George R. R. Martin gives candid look at what informs his craft during Chicago Humanities Festival


George R.R. Martin (left), the author of the books which inspired HBO’s ‘Game of Thrones,’ is interviewed by Eve L. Ewing (right), a University of Chicago professor.

George R.R. Martin (left), the author of the books which inspired HBO’s ‘Game of Thrones,’ is interviewed by Eve L. Ewing (right), a University of Chicago professor.

Courtesy of David T. Kindler

George R.R. Martin (left), the author of the books which inspired HBO’s ‘Game of Thrones,’ is interviewed by Eve L. Ewing (right), a University of Chicago professor.

Courtesy of David T. Kindler

Courtesy of David T. Kindler

George R.R. Martin (left), the author of the books which inspired HBO’s ‘Game of Thrones,’ is interviewed by Eve L. Ewing (right), a University of Chicago professor.


It was immediately apparent that the fact that Martin writes the ”Song of Ice and Fire” series is the least interesting part of him. The magic of Martin lies before his relatively new celebrity status, as his writing did not hit No. 1 on the New York Times bestseller list until the series’ fourth book, ”A Feast for Crows,” in 2005. But before the “Game of Thrones” TV show, before the books, before his other writing for television and the collection of other fabulous series he authored, and before his education at Northwestern, there were comics.

Martin’s first published piece was a letter he sent to Marvel comics commenting on ”Fantastic 4” #17 and published in ”Fantastic 4” #20 in 1961.

“Move over Shakespeare, Stan Lee has arrived,” read a portion of the letter.

The comic that solidified Stan Lee as Martin’s most influential writer was “Avengers” #9, published in 1963. As the author recalled, Wonder Man, a spy “playing a hero” sent to end the Avengers joined the team. In the comic, Wonder Man “became friendly [with the team], wouldn’t destroy the Avengers and was killed.”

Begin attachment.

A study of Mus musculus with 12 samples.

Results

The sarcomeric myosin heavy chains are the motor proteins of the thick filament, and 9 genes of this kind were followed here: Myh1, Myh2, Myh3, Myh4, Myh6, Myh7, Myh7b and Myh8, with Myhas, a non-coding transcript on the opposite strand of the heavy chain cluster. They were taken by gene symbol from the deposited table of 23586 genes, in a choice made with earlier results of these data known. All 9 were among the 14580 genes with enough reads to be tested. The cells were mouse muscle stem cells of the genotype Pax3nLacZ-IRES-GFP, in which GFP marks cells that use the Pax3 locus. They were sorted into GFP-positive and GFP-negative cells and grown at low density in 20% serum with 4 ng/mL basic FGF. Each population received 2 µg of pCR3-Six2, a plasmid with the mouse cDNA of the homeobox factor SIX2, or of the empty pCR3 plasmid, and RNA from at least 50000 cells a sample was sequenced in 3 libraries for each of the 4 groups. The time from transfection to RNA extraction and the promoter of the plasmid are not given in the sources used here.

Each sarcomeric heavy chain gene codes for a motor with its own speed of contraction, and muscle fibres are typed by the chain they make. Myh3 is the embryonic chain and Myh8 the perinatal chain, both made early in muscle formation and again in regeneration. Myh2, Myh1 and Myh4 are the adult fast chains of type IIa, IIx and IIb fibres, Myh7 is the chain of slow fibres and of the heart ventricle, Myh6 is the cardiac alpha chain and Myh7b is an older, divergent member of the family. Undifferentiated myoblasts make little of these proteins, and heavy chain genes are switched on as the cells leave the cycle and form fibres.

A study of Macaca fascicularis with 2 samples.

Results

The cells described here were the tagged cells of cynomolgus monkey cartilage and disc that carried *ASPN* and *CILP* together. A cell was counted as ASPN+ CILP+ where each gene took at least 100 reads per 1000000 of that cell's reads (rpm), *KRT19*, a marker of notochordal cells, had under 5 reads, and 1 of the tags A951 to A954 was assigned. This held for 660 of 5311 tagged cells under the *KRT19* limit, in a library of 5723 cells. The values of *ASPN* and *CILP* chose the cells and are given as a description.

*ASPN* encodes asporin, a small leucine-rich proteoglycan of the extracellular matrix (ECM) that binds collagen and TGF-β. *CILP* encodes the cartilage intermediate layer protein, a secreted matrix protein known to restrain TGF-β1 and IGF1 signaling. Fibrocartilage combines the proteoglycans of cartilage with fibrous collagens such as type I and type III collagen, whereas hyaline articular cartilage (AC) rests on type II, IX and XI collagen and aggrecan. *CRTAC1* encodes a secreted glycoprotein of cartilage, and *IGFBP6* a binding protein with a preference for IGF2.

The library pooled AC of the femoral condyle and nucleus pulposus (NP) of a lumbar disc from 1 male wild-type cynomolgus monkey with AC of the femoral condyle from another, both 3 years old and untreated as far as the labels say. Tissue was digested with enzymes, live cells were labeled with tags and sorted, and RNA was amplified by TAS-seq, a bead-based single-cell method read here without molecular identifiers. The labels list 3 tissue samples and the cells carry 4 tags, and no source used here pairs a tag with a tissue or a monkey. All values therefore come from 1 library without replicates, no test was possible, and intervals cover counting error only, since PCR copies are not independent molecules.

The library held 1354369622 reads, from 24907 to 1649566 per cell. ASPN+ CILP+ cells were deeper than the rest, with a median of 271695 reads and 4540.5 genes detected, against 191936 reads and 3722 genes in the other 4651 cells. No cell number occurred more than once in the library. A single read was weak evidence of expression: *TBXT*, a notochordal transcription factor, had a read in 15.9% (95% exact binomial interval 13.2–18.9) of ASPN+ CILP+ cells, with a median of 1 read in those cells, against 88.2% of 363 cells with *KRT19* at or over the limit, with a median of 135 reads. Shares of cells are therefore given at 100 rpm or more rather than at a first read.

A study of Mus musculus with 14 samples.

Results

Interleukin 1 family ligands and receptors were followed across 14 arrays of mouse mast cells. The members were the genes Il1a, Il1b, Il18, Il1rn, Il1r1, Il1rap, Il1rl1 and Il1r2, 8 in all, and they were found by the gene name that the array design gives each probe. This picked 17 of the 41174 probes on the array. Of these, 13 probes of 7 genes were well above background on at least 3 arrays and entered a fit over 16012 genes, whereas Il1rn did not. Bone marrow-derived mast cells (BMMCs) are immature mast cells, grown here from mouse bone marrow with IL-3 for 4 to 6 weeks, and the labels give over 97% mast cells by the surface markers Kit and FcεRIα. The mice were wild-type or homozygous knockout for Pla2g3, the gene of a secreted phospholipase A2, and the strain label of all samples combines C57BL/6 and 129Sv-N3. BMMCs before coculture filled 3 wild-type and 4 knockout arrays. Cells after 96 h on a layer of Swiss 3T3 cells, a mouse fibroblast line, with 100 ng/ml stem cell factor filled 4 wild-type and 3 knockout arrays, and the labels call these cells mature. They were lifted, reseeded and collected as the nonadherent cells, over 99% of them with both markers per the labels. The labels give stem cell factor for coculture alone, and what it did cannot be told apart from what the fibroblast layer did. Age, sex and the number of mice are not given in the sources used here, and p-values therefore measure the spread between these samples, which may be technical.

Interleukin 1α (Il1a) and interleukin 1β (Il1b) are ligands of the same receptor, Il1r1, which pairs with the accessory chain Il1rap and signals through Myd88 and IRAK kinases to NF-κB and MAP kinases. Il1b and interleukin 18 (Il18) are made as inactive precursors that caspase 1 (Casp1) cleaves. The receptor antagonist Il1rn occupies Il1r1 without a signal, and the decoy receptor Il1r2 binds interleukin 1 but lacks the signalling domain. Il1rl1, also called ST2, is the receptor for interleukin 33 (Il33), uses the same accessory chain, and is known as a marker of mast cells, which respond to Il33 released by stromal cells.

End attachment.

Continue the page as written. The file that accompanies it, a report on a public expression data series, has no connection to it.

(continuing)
“All my writing is ‘Avengers’ #9,” Martin said.

From Marvel Comics and Stan Lee, he learned to “[introduce] great characters that aren’t what they seem and then kill them.” All readers and watchers of his works know this plot technique all too well, from the untimely deaths of Eddard and Rob Stark, to Robert and Joffrey Baratheon. Martin declared his goal as a writer: that readers “not just read the book but live the book . . . be scared to turn the page.”

This is where his love for Marvel over D.C. comics begins. A D.C. comic, to Martin, was “circular, [ending] right where it began.” Furthermore, you could “read in any order” because whatever chaos happened throughout the comic, all would be back to normal by the last page.

“Nothing ever happened in D.C.,” Martin said.

Conversely, due to Marvel’s style of long, multiple-issue story arcs that permanently changed aspects of the story, Martin saw characters’ lives changing just as he did.

“I went to high school with Peter Parker,” he said. “I went to college with Peter Parker.”

Martin delved deeper into the philosophy of seemingly spontaneous murder, citing another favorite of the fantasy genre, J. R. R. Tolkien’s famed ”Lord of the Rings” series. Recalling the demise of a powerful wizard, the author expressed his confounded disbelief.

“What the hell,” he said.” Gandalf dies? The others seem like kids compared to him.”

Martin enjoyed the use of Gandalf’s death in the story because it was “raising the stakes.” If Gandalf can die, no one is safe.

“Who are we going to kill next? We have several extra hobbits. . . they can go,” he teased.

Continuing on ”Lord of the Rings,” Ewing asked Martin to elaborate, saying, “You have become famous for writing renditions of the ’Scouring of the Shire,’” referring to the final chapter of the series when, instead of celebrations of their bravery and victory, our heroes find their villages ransacked.

Martin replied that he strives for the same type of realism and unhappy endings. The days of anxiousness, grieving, and preparation before an army goes into battle, the multi-dimensional characters and the complex storylines each told from different characters’ perspectives are all ways Martin strives toward realism.

By the time Martin and Ewing descended into the stage and the ominous opening credits score began to play once more, everyone present truly understood one thing: Martin deeply cares about his writing and his readers. There is nothing disingenuous about the author because, if he was anything less than the methodical writer dedicated to crafting an amazing story, readers would have the last two books of the “Song of Ice and Fire” series already. Nevertheless, audiences will continue to wait for ”The Winds of Winter,” await which has now surpassed more than eight years.

Readers can check out the Chicago Humanities Festival website to learn more about the other speeches, interviews, conversations and performances taking place over the next couple weeks, such as Harvard professor Henry Louis Gates and legendary comedian Julia Louis Dreyfuss.